GigXR's Mixed-Reality modules End Cadaver Shortages For Medical Training

Samson Amore

Samson Amore is a reporter for dot.LA. He holds a degree in journalism from Emerson College. Send tips or pitches to samsonamore@dot.la and find him on Twitter @Samsonamore.

GigXR's Mixed-Reality modules End Cadaver Shortages For Medical Training
Photo: GigXR

Santa Monica-based GigXR is aiming to meld mixed reality with real life to create the most immersive training experience for medics that don’t otherwise have reliable access to cadavers.

GigXR was founded by David King Lassman in 2019 to build realistic mixed-reality simulations. According to CEO Jared Mermey who was previously an angel investor and joined the company in February 2022, using a mixed-reality learning module allows for “basically unlimited repetition,” and added, “there’s no marginal cost to using software.”

It’s an interesting proposal, particularly for members of the armed forces. Mock surgeries, Mermey said, often are time-consuming to set up and break down. Not to mention that there’s long been a shortage of cadavers to learn from. To that end, Mermey envisions a time where combat medic training is as simple as putting on a headset or picking up a smartphone.


Currently, GigXR makes mixed-reality simulations to be used on either Microsoft’s HoloLens 2 or iPhone and Android phones. Their proprietary software allows instructors and students using headsets to see both the people around them and an immersive physical environment, such as a mock surgical bay or operating room.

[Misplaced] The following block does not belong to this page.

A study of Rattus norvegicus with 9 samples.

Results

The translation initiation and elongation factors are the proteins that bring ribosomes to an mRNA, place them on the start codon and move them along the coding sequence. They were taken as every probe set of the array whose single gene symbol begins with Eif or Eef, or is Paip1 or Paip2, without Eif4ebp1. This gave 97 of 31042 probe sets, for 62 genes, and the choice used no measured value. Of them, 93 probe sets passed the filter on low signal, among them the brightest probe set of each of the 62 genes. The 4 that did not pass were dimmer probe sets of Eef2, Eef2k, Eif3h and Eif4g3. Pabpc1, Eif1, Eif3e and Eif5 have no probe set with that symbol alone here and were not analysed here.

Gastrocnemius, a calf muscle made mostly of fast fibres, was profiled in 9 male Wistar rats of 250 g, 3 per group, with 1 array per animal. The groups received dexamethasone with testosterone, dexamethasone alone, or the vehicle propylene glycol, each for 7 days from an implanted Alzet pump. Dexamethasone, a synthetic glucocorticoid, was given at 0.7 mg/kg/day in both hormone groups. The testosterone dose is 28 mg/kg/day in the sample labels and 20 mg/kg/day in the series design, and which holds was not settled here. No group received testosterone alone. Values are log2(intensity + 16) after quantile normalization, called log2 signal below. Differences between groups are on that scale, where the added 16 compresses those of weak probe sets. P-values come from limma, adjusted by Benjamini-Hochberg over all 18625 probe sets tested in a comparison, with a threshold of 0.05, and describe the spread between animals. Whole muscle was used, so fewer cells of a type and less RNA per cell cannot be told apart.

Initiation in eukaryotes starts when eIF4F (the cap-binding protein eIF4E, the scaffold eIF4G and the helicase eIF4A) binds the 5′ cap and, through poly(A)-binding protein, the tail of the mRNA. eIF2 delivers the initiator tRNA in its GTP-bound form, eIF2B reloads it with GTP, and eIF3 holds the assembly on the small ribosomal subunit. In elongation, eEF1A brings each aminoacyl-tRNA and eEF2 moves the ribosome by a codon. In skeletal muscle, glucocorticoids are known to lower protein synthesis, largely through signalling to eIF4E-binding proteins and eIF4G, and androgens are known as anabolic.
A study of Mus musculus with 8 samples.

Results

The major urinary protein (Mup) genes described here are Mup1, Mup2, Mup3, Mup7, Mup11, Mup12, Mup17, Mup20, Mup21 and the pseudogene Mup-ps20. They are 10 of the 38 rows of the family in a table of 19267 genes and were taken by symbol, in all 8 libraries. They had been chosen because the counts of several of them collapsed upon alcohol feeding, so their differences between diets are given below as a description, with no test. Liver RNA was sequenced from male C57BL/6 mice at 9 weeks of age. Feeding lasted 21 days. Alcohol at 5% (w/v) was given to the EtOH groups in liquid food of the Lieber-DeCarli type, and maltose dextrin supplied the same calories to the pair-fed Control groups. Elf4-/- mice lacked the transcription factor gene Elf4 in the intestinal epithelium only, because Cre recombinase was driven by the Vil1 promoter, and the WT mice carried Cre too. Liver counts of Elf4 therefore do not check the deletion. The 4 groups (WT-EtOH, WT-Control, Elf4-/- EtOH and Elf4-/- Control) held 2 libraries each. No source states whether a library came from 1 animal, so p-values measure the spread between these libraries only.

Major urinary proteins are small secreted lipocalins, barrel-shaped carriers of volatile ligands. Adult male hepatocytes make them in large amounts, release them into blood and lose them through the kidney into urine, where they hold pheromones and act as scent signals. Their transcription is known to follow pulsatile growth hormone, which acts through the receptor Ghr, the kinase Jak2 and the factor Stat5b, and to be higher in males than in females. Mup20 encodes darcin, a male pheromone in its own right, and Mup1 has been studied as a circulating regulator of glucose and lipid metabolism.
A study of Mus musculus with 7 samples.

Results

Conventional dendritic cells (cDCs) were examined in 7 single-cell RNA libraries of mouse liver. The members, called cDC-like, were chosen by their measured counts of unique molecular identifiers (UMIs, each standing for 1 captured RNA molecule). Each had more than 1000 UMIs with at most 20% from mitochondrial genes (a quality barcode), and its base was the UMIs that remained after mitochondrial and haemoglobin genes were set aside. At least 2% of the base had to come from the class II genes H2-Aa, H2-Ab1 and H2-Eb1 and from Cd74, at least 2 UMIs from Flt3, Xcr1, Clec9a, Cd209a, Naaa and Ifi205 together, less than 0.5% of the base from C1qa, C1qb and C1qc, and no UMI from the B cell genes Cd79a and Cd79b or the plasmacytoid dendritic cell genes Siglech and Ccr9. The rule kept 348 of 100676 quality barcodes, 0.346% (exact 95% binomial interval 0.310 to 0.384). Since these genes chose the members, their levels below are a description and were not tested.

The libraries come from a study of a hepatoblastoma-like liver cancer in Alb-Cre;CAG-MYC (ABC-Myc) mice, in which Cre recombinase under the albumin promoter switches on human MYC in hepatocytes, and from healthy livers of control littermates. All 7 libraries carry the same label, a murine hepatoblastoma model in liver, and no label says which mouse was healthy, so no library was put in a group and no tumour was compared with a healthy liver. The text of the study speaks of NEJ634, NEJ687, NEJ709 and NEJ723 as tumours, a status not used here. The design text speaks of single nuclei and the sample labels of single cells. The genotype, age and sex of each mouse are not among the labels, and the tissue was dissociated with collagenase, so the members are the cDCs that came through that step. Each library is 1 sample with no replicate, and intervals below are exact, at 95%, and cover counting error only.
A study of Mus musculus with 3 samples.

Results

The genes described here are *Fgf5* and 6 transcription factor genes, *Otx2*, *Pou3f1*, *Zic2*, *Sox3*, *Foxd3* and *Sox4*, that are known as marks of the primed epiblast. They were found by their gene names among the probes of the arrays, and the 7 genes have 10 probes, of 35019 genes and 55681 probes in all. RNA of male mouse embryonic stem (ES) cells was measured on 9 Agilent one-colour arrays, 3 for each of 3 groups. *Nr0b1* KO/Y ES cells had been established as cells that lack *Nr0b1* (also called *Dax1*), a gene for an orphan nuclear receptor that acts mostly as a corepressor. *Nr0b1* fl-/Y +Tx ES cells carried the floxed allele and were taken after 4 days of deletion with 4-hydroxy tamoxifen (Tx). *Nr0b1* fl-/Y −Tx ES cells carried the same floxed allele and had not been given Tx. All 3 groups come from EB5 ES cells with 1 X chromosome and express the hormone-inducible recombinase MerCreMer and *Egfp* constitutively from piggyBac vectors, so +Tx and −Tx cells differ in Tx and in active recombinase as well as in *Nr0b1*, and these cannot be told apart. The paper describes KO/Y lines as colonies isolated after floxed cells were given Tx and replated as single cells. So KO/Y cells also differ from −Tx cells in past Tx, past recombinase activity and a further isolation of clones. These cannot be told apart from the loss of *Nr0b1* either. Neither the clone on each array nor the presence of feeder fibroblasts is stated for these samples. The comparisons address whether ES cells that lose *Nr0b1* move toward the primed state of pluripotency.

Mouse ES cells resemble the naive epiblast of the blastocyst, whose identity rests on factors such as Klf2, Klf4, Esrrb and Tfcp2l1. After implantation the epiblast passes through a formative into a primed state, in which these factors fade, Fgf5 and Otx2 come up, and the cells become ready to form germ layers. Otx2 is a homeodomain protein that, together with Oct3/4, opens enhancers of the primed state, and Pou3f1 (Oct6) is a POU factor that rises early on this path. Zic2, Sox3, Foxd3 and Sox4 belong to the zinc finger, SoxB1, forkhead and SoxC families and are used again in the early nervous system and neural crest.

Mermey said GigXR is developing a library of training modules, some custom-built, like one for the U.S. Air Force’s 354th Medical Group based in Eielsen, Alaska. The Air Force signed a second Small Business Initiative Research contract worth $750,000 to use GigXR’s tech in late April after initially signing on in July 2021.

“It’d be hubris for any company to say, hey, we're going to build everything,” Mermey added. “So what we let our customers do is curate and manage a custom catalog of mixed reality experiences.” The simulations, nicknamed HoloScenarios, are clinical simulations that run the gamut. They include patients with respiratory illness, cardiac life support, and Holohuman, a mixed reality human cadaver.

GigXR’s simulations are both built in-house and with third-party partners, Mermey said. The company also has training modules that place the viewer up close to the heart, lungs and kidneys.

Mermey said GigXR is working with Michigan Medicine to create a neurology simulation that’s expected to go live by June. Much of the simulations are built using game development engines with the assistance of human artists and programmers.

The nature of some of the simulations, especially for the USAF, is graphic. Many of the combat medical scenarios are based on real battle wounds. Mermey said his designers have to have fortitude and “intestinal tolerance” to create the training modules. Besides the USAF, GigXR’s clients include the Kaiser Permanente School of Medicine, Leeds University and the University of Queensland.

The startup has raised $8.5 million since its launch, mainly from angel investors, Mermey said. He noted that starting the company shortly before a pandemic where everyone was embracing different ways to learn and work remotely was unintentional but advantageous timing.

“The market learned so much from COVID about how the way they teach and train and perform simulations needs to evolve, such that it can take advantage of these immersive technologies,” Mermey said.

Mermey unequivocally said he expects the mixed reality market to grow as more people embrace XR for education. “Particularly in medical nursing schools, incoming students expect this type of technology and they want to learn this type of technology,” he noted. “Therefore in order to recruit, [schools] need to implement it.”

Editor's note: This story has been updated to reflect the value of GigXR's second SIBR contract with the U.S. Air Force.